Dishes & “Dezod” Kids
I hate doing the dishes. I always have and I probably always will, to be honest. As an adolescent, often my chore was to wash the dishes and thus began my disdain for it. I don’t like how long it takes, I really don’t like the way it makes my hands feel, and I really really don’t like touching the soggy fragments of food caught in the drain. Living in community though, chores are vital to keeping order and peace in the home. Our home operates best when we share the responsibilities of doing chores such as sweeping, moping, cleaning the bathroom, taking out the trash, and you guessed it, doing the dishes.
A few months into living in Haiti, I realized just how much I disliked doing the dishes and how much I complained about it, out loud and in my thoughts. Then I found this quote by Mother Teresa and it changed everything for me: “Wash the plate not because it is dirty nor because you are told to wash it, but because you love the person who will use it next.”
I had never thought about doing the dishes in this way before! So what did I do? I printed this puppy out and slapped it on the wall right in front of our dish washing station. I wanted it right in front of me, big and unavoidable. I love my team and I want all of my actions to reflect that. If all I do is complain, I am not loving and I am failing at my biggest mission in life: love. Every time I am tempted to huff and puff about how gross my hands feel or about how much I want to just go to sleep instead of staying up and washing the dishes, I see this quote and I am called back to love.
Missions is a school of love. In every aspect of life, being a missionary is to be enrolled in the school of love. Every day of my life as a missionary I come to terms with the fact that I love so poorly. I complain, I’m selfish, I’m impatient, I’m not always kind. Missions has a unique way of shining a light on how imperfect my love is –and praise God for that! My mission in Haiti and my mission in life is simple, but a challenge to execute: “Love the Lord your God with all your heart and with all your soul and with all your mind…and love your neighbor as yourself” (Matthew 22:37,39). Missions constantly challenges me to reach the heights of love and I have so much hope because I have the best teacher around: Jesus. I am learning to love from Love Himself.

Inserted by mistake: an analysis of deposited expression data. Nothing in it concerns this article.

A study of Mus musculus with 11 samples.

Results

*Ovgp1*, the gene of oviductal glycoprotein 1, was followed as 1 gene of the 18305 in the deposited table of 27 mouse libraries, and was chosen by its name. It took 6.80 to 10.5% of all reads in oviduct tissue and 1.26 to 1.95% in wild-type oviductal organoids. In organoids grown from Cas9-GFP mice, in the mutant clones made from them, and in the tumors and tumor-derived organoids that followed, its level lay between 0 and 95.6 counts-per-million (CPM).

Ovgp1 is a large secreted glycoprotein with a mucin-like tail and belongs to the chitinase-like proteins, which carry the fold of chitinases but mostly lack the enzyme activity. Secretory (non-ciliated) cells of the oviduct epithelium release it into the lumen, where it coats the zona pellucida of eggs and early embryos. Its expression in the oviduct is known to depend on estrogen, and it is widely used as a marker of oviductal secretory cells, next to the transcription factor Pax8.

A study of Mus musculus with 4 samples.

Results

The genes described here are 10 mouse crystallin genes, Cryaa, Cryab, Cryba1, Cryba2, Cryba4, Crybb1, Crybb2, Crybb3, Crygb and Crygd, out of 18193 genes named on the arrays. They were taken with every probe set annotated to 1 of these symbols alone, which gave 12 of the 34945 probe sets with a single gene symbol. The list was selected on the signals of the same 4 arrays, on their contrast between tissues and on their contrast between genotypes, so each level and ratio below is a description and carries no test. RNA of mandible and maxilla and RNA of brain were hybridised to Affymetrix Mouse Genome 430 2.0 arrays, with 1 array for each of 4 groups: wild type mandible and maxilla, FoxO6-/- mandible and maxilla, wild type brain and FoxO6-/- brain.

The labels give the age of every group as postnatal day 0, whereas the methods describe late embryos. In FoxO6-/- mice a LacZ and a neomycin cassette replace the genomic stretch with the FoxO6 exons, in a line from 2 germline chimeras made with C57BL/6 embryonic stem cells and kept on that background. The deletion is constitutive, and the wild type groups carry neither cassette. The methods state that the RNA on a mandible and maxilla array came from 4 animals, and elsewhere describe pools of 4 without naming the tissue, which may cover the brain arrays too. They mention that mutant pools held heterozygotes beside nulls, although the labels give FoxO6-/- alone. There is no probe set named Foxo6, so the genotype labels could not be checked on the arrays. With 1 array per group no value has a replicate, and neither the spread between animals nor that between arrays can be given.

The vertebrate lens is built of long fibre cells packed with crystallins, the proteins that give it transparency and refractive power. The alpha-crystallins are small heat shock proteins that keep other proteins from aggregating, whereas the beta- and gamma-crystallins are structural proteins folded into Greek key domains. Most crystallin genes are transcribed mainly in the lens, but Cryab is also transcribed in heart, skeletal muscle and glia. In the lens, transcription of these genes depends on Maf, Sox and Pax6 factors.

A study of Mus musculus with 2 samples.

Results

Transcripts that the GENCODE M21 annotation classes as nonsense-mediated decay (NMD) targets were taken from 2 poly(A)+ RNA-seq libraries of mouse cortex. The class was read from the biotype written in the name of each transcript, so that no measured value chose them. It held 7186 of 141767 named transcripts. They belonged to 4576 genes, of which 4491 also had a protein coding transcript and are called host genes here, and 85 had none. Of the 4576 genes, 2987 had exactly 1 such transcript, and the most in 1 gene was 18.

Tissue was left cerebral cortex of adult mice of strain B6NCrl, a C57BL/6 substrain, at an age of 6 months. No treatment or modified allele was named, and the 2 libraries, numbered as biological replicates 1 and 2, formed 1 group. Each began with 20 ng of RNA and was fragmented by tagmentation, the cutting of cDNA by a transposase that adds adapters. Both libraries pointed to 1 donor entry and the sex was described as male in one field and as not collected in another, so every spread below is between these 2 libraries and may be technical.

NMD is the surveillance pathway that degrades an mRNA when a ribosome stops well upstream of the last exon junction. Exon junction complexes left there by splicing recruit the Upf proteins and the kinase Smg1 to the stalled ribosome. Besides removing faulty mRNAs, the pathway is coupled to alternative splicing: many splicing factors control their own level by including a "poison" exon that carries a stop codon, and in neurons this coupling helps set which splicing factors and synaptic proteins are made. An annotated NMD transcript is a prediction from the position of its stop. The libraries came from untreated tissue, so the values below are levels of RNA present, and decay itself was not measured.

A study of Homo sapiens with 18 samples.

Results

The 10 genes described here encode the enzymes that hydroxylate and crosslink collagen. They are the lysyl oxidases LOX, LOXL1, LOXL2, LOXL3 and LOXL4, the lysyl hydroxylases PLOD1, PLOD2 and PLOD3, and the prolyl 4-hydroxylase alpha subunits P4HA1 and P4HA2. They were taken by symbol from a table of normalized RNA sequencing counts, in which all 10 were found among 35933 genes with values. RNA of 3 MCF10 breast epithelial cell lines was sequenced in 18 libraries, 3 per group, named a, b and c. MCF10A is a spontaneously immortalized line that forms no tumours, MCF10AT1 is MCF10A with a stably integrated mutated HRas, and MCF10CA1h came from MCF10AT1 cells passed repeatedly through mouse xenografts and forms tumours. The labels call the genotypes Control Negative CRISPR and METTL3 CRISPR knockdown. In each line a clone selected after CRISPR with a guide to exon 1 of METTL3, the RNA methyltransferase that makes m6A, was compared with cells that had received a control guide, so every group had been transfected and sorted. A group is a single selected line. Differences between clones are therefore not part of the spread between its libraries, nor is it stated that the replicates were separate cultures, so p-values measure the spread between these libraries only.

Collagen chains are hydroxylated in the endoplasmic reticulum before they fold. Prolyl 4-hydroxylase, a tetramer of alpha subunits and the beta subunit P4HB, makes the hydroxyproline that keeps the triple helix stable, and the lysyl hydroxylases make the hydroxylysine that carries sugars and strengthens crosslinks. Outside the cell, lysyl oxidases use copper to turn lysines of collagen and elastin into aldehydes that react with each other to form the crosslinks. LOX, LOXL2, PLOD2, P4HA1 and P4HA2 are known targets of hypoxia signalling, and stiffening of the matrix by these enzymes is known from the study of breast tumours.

The Church and my parents have always taught me that love is not a feeling, but rather a choice. While I always knew that as truth before, I never fully understood it and I never truly practiced it before missions. A lot of different aspects of missionary life teach me what love is, but I think the kids give me the greatest opportunity to exercise true love. I never really thought that in being a missionary I would become a spiritual mother, but I have become exactly that. The kids are always at our house and I find myself feeling like their mom a lot. What a gift! Many of the kids don’t have good role models in their lives and can’t really rely on receiving love from their parents.
But many times they are very dezod (naughty) children. What do I do then? Do I lose my temper? Do I give in to impatience? What do I do when they are disrespectful one minute and sweet as can be the next? I’ll be real honest: the kids sometimes make me so frustrated I want to pull my hair out. I know those feelings are my humanness and Jesus is calling me to something higher.
The answer is always to choose love. When the kids are disrespectful, impatient, loud and obnoxious, and just won’t go home, that is precisely when Jesus calls me to choose to love them. That is what we all want after all, isn’t it? To be chosen and loved. I choose to love them despite them being dezod. I chose to tell them I love them when they call me names. After they break the rules and disobey, I still take them back and I still love them.
My one true wish when my time in Haiti comes to an end is that the people will know that I love them. I think the kids know that I truly love them. Why else would they keep coming back every day? And at the end of this year I hope my team knows that I love them. I hope that when they think of me they don’t remember how much I complained about the washing the dishes, but rather how much I strived to love everyone.